Tech Talk: Out Of Air, Out Of Water
With growing pressure from consumers to partake in greener practices, many companies in the promotional products space and otherwise are seeking innovative, profitable solutions to better both their business and the environment. Dell, the international computer technology company based in Round Rock, Texas, is no exception. Dell recently sought a new partner to offer revolutionary ideas on how to reinvent its existing business practices. The company found its solution in New Delhi, India-based Chakr Innovations—and air pollution.
Chakr Innovations has taken on the ambitious task of cleaning up the air in New Delhi, India, where it’s headquartered. New Delhi is amongst the cities with the poorest, most dangerous, air quality worldwide. In 2018, it surpassed the Air Quality Index with a rating of 999—a rating so poor that it greatly exceeded the worst category of “hazardous,” and for inhabits, breathing in the air was equivalent to smoking 50 cigarettes per day, according to Vox. In dire efforts to reduce air pollution, Chakr Innovations developed a technology to collect particulate emissions expelled from diesel generators in the city and convert this waste into material that can be used in commercial products. The company’s signature invention, the Chakr Shield, has been deemed effective at collecting 90 percent of the waste released by these generators, transforming it into substances that can be used in goods like ink and paint.
Interested in the recycled ink, or “pollution ink,” as it’s often called, Dell partnered with Chakr Innovations in 2017, using its ink on thousands of Dell-manufactured boxes. Dell has estimated that it manufactures some 125,000 boxes per month using this ink. The aftermath? According to Fast Company, the pollution ink has resulted in cleaner air quality for more than 110,000 people living in the New Delhi area, calling attention to a groundbreaking practice to better the environment, while bettering Dell’s brand perception.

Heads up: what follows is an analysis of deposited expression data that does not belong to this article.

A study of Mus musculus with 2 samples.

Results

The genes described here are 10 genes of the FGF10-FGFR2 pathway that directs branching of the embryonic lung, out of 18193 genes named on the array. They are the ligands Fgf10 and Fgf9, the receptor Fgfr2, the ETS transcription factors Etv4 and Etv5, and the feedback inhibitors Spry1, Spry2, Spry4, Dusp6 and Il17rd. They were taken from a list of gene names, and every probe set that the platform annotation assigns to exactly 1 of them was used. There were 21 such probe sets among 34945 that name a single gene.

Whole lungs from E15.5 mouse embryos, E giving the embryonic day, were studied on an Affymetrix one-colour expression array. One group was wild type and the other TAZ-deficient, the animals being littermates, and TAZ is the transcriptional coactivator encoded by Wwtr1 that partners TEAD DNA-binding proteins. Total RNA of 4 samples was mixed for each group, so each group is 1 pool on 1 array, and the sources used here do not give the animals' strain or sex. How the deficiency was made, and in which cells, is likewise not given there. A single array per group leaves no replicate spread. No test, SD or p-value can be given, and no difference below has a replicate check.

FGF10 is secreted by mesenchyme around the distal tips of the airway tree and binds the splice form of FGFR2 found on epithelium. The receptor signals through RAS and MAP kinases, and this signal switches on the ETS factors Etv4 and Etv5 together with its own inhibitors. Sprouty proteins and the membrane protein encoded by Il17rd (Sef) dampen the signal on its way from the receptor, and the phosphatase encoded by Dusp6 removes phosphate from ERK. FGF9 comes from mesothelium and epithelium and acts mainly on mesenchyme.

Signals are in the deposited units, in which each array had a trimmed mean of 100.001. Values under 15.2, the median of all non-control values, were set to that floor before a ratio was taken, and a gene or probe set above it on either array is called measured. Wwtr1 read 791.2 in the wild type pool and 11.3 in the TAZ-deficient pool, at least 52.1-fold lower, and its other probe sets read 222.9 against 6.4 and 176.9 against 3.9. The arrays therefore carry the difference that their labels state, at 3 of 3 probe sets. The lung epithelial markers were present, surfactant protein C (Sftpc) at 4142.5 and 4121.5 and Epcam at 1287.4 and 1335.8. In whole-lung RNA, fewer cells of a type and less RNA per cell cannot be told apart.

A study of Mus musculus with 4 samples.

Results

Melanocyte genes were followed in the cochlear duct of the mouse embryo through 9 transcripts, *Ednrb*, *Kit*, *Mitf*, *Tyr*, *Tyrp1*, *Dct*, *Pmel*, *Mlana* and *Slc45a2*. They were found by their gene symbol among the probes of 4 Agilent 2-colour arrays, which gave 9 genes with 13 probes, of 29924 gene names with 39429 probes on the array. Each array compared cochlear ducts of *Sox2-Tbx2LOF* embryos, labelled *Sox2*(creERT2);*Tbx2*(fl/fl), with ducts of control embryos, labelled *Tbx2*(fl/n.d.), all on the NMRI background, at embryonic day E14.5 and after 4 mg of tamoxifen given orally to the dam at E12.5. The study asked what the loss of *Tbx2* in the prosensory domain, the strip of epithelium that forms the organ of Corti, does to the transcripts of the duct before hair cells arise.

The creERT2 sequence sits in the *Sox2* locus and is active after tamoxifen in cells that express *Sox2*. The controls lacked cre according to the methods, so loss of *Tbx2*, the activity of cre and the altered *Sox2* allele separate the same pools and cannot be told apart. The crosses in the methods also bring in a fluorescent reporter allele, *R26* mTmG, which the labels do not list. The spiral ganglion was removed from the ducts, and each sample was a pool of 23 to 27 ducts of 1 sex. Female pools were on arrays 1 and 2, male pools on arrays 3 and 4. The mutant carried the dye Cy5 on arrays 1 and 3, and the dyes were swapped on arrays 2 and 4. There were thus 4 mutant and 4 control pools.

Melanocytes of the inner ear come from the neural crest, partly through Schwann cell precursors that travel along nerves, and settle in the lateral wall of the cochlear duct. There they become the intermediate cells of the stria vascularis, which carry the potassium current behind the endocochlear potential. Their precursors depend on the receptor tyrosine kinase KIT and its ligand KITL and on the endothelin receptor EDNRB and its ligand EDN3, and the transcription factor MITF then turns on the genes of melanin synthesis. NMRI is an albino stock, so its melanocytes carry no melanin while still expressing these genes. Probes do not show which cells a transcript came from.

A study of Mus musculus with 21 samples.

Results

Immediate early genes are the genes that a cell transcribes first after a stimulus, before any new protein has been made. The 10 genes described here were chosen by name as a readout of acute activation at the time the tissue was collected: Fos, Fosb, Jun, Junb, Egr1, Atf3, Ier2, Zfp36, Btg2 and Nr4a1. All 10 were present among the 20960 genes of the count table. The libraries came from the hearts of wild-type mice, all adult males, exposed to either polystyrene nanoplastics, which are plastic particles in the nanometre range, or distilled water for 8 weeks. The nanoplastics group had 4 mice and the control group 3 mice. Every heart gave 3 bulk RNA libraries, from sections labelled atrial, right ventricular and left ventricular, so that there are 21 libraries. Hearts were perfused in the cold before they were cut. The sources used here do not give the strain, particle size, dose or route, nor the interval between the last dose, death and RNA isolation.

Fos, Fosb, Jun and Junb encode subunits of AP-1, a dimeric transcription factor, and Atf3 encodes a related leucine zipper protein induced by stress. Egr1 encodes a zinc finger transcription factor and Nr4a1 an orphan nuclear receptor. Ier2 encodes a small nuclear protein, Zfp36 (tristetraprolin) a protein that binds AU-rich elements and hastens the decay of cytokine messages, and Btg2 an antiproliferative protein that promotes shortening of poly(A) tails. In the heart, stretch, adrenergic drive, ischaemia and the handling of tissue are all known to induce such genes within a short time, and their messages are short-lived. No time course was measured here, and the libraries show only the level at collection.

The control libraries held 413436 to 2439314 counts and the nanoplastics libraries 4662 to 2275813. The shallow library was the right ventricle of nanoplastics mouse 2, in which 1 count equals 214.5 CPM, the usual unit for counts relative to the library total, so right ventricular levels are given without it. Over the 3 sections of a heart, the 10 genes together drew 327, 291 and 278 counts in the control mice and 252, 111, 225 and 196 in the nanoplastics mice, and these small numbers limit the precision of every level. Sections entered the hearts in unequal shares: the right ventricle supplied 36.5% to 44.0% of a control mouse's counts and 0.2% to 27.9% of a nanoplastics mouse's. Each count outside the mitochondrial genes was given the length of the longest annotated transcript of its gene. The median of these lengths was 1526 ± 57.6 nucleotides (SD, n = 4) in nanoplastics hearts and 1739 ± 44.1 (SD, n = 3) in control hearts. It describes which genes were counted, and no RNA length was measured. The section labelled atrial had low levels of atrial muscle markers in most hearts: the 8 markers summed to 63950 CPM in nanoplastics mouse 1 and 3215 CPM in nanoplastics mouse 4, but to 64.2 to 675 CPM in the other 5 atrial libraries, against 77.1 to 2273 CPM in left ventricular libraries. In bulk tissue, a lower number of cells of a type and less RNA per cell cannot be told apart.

Not only this, but Dell is partaking in other recycling initiatives as well. The company has partnered with Lonely Whale, an environmental organization, which led to the development of NextWave, an industry group of nonprofits, private companies and scientists dedicated to cleaning up plastic waste in the world’s oceans by developing eco-friendly, scalable supply-chain processes. In alignment with this, Dell has also committed to using plastic trays in its laptop packaging that are made from 25 percent ocean-recycled plastic and 75 percent other recycled plastics. In 2018, Green Matters reported that Dell’s efforts helped reduce 16,000 pounds of plastic in the oceans. Since 2004, the company has also managed Dell Reconnect through a partnership with Goodwill Industries, which allows consumers to recycle their old computer equipment by bringing it to any of the more than 2,000 national participating Goodwill locations. So far, more than 500,000 million pounds of used electronics have been recycled.
Danielle Renda is associate editor of PPB.